For a felony does an officer need to witness the crime to arrest a person?
No, a police officer does not have to actually witness a crime in order to arrest a suspect. What the officer needs (assuming that we are talking about an arrest without a warrant) is probable cause that the person being arrested has committed a crime.
For example, imagine that a police officer sees someone come running out of a store carrying a bag. The person is running fast and looking over his shoulder. In such a case, the officer would be justified in believing that the person running might well have committed a crime. The officer could stop the person. If the officer found store merchandise on the person an arrest could be made even though the officer did not actually see the person take the merchandise from the store.
Oh, just to add a bypoint, in Ohio what we call Minor Misdemeanor's are not an arrestable offense, unless the person refuses to sign the citation, etc, whether it was committed in the officer's presence or not.
Scroll to the Appendix of Atwater here, it lists State's laws on warrantless misdmeanor arrests and some include felonies. Pot luck some that do not mention felony, should be the same chapter just another section.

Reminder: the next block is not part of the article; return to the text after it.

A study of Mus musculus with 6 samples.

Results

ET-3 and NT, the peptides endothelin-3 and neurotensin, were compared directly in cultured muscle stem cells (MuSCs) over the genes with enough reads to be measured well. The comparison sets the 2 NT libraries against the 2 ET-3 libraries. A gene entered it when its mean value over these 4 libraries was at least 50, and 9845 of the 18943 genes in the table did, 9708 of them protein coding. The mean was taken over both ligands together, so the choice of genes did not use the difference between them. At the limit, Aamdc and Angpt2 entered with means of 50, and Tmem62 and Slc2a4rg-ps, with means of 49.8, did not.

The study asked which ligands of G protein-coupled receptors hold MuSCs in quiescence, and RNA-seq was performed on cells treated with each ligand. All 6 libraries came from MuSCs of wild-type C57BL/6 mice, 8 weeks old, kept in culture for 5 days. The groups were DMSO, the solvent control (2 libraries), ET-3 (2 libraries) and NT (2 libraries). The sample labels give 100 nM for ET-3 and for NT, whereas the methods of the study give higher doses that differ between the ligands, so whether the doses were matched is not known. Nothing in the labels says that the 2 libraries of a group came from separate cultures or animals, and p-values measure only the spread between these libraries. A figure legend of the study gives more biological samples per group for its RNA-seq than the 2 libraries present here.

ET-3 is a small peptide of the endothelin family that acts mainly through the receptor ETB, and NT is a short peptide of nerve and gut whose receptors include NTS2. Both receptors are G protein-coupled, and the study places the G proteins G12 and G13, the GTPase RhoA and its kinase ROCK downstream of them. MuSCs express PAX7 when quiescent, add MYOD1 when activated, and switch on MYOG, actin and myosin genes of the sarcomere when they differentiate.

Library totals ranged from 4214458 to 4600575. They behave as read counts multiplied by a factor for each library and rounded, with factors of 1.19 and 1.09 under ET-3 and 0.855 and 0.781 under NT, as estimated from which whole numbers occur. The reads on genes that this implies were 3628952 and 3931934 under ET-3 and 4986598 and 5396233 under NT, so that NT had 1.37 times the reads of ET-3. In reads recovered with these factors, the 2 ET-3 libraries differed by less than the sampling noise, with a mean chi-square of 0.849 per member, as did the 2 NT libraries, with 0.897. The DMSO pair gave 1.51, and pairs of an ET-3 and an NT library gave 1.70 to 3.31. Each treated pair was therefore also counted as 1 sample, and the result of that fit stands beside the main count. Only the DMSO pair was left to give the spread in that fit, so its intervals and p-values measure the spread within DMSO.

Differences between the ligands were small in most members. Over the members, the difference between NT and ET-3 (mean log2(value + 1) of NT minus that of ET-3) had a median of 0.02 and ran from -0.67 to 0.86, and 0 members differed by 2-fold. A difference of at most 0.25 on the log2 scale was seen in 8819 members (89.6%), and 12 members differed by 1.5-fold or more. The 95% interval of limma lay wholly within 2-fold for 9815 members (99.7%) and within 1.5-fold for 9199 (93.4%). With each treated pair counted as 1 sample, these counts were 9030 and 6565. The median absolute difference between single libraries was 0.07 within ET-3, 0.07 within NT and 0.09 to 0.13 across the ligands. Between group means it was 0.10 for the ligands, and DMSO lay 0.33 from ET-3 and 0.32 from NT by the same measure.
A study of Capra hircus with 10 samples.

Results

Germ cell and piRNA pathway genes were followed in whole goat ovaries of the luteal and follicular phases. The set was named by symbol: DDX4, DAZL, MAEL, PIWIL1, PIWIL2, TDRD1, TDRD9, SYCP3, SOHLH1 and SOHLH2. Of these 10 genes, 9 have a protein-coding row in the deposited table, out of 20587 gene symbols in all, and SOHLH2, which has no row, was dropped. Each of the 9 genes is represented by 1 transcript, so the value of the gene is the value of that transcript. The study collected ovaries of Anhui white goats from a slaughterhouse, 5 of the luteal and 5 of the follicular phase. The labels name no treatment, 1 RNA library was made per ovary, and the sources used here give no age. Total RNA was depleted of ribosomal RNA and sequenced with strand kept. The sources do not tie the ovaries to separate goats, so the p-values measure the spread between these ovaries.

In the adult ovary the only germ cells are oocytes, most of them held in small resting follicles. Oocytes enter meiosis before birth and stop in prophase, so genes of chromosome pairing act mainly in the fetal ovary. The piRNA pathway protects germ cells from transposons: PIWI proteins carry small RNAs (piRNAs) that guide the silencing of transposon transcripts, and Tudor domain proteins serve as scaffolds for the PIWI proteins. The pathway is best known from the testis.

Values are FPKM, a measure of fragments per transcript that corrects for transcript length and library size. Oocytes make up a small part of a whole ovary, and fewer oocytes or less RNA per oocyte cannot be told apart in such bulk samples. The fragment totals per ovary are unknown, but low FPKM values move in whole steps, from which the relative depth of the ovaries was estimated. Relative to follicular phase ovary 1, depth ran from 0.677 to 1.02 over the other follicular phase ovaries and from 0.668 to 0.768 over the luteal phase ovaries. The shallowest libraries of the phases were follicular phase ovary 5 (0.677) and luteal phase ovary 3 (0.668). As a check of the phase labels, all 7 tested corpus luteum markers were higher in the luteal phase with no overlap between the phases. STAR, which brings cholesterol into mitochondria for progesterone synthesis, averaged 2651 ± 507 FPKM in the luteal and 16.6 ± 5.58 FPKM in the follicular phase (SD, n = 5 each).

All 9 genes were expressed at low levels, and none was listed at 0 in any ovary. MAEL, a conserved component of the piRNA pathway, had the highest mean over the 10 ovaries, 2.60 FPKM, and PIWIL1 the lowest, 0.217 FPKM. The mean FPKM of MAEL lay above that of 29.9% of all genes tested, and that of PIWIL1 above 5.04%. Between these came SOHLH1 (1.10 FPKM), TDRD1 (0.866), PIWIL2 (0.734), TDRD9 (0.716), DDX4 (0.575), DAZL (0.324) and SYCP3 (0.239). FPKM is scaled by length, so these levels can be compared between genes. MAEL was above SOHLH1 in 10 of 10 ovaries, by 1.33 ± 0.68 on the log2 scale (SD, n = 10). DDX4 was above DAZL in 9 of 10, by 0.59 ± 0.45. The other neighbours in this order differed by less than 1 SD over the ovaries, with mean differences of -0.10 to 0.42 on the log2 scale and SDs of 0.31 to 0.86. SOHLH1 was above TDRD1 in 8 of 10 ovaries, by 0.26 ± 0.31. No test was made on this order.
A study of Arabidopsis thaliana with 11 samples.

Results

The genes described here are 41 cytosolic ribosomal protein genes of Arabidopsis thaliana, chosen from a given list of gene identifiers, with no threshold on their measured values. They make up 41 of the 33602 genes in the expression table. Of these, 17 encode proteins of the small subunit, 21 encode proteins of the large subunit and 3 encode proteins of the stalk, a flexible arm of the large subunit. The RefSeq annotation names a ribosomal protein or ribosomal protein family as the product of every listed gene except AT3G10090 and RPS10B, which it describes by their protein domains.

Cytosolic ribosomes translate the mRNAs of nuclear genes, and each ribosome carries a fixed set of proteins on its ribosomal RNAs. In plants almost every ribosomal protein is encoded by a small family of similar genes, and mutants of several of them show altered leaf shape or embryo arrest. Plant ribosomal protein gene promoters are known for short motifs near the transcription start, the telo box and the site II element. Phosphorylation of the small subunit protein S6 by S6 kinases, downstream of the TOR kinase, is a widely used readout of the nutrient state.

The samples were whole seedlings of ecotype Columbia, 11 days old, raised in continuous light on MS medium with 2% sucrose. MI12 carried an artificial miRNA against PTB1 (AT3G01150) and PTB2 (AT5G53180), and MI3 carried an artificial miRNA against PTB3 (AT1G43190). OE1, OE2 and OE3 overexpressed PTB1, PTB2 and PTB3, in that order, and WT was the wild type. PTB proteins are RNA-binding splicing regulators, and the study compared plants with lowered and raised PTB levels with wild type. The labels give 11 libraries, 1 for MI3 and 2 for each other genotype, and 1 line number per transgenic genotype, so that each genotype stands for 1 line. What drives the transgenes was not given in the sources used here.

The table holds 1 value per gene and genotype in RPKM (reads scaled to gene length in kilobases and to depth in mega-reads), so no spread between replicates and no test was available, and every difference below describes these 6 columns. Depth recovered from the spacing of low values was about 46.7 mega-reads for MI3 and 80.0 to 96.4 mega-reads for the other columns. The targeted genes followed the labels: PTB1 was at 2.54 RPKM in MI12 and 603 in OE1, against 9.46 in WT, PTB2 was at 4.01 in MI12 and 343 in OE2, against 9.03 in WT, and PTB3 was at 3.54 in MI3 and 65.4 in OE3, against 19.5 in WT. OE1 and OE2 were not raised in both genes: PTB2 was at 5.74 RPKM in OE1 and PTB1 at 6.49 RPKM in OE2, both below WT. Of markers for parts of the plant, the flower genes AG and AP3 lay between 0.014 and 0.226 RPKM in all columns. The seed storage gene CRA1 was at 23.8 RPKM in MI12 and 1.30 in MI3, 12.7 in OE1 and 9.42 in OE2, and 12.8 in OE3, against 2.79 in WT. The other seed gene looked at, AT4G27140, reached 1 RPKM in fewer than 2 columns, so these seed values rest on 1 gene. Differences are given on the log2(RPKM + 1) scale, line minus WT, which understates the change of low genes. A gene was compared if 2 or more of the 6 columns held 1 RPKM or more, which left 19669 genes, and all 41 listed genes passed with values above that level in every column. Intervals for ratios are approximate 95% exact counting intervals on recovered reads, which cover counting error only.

In Ohio here an officer can arrest without a warrant for a felony when s/he has probable cause to believe it happened. I am talking about an arrest in a "public place".
If the person is in a home, unless exigent circumstances present themselves, a search warrant in addition to an arrest warrant is needed if the police intend to arrest there.
From scanning some states in the past, I may have come across a few that mandate a warrant for a felony not committed in the officer's presence? You can pot luck scan some.
Per the shoplifting example above, at least for Ohio, that is one of the exceptions to a warrantless misdemeanor arrest. Per our law though, the arrest may take place within a reasonable time from the crime, otherwise a citation needs to be issued OR a warrant can be issued then.
Most misdemeanor's here though require the "in presence" requirement, Felonies, no!